By Jennifer Blessing
Director of Children’s Ministry, St. Andrew’s UMC
When I was just out of college, I had an amazing opportunity to travel to the Holy Land with family friends. One of my favorite memories was standing on the bank of the Jordan River. People were being baptized along the landings that had been built. But my attention was focused on the lush green vegetation along the river banks.
My mental image of the Middle East prior to visiting had been crafted from a childhood of Bible stories. I imagined it was all just sand, vast piles of sand with a few towns here and there. As a child, I always pictured Moses floating down what was a stark wet road among a whole lot of sand - with maybe a couple of reeds thrown in for decoration.
While water is clearly less abundant in deserts, its presence is certainly not diminished. From the Jordan River to the Sea of Galilee to the Dead Sea, across my trip I encountered gallons of water. In each instance, the vibrant growth of grass and trees highlighted the water’s edges. Life carved along the areas where the water reached.
The water was where John the Baptist drew people to him. He used water to not just baptize people, but to point them to Jesus. Standing in the river was the start of the growth and change he knew people would experience. He told them that despite the importance of baptism by him, John knew there was even more to come.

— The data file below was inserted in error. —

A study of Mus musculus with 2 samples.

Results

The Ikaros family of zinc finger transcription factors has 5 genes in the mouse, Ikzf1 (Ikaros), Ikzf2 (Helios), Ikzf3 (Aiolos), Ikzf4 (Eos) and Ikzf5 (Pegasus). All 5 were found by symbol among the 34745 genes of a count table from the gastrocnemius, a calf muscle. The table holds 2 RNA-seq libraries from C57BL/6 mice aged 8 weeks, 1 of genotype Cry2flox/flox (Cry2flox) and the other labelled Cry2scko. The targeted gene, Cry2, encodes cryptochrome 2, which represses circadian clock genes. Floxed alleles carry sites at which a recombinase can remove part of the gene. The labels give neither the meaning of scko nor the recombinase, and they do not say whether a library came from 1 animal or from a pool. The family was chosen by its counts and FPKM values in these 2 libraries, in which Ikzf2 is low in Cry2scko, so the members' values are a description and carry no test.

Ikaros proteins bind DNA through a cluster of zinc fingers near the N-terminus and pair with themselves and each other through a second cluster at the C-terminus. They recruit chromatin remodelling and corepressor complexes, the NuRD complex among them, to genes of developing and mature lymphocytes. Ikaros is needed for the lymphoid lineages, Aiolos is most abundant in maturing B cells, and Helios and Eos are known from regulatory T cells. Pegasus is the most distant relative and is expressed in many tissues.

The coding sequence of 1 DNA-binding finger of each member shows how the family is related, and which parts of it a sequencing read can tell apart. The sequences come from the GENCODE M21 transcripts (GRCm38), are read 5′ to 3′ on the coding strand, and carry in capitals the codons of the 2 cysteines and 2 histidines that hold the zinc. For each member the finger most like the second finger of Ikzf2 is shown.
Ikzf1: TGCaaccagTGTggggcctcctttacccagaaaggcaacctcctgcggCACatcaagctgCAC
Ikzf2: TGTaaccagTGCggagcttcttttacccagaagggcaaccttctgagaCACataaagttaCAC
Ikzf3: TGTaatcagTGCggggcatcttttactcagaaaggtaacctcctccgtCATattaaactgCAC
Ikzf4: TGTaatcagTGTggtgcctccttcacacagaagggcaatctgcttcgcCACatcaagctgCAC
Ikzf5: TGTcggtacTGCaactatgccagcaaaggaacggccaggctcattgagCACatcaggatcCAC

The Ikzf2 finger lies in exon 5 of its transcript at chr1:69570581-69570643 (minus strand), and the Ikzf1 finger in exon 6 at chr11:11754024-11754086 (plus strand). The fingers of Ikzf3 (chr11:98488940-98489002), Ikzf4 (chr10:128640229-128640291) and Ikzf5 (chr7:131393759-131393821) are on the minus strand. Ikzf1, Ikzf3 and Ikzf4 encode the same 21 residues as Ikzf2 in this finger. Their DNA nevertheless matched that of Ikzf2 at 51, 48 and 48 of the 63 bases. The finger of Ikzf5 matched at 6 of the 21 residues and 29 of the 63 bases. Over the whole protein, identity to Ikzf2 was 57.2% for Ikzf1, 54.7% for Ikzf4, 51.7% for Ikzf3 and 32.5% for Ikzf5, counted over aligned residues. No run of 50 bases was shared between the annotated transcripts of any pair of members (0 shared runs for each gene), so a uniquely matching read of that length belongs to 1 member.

As people who have heard the good news, we understand John the Baptist’s encouragement that there was more than just baptism through water. Today we can be still and know that the power of water and the refreshment it provides is but a drop compared to the power of knowing Jesus. Baptism is the start of a lush, healthy relationship with Jesus. May we see the power in the water, yet recognize the powerful love of the One who created the water.
Prayer: Heavenly Father, your love for us is more powerful than the mightiest forces on this earth. May we always grow in that love - lush as the banks of a river. Help us sustain that growth, even when we feel weary and long for refreshment. Lord, help our hearts to know that you are the source of all and that we can rest in your mighty presence. Amen.
1. How many times have you witnessed a baptism? What types of images do you associatewith baptism today versus baptism during the New Testament time period?
2. Water has such immense power - for both growth as well as destruction as we have seen with this season’s hurricanes. Do you find yourself draw to places of water - the seashore, a lake, etc - or are you more timid around water? Why?
3. John the Baptist knew that he had an important calling - that he was drawing people to Jesus and not to himself. It’s same task we all have as Christians. Yet we often find it a challenge. In what ways can we learn to overcome that challenge based on how John the Baptist preached about Jesus?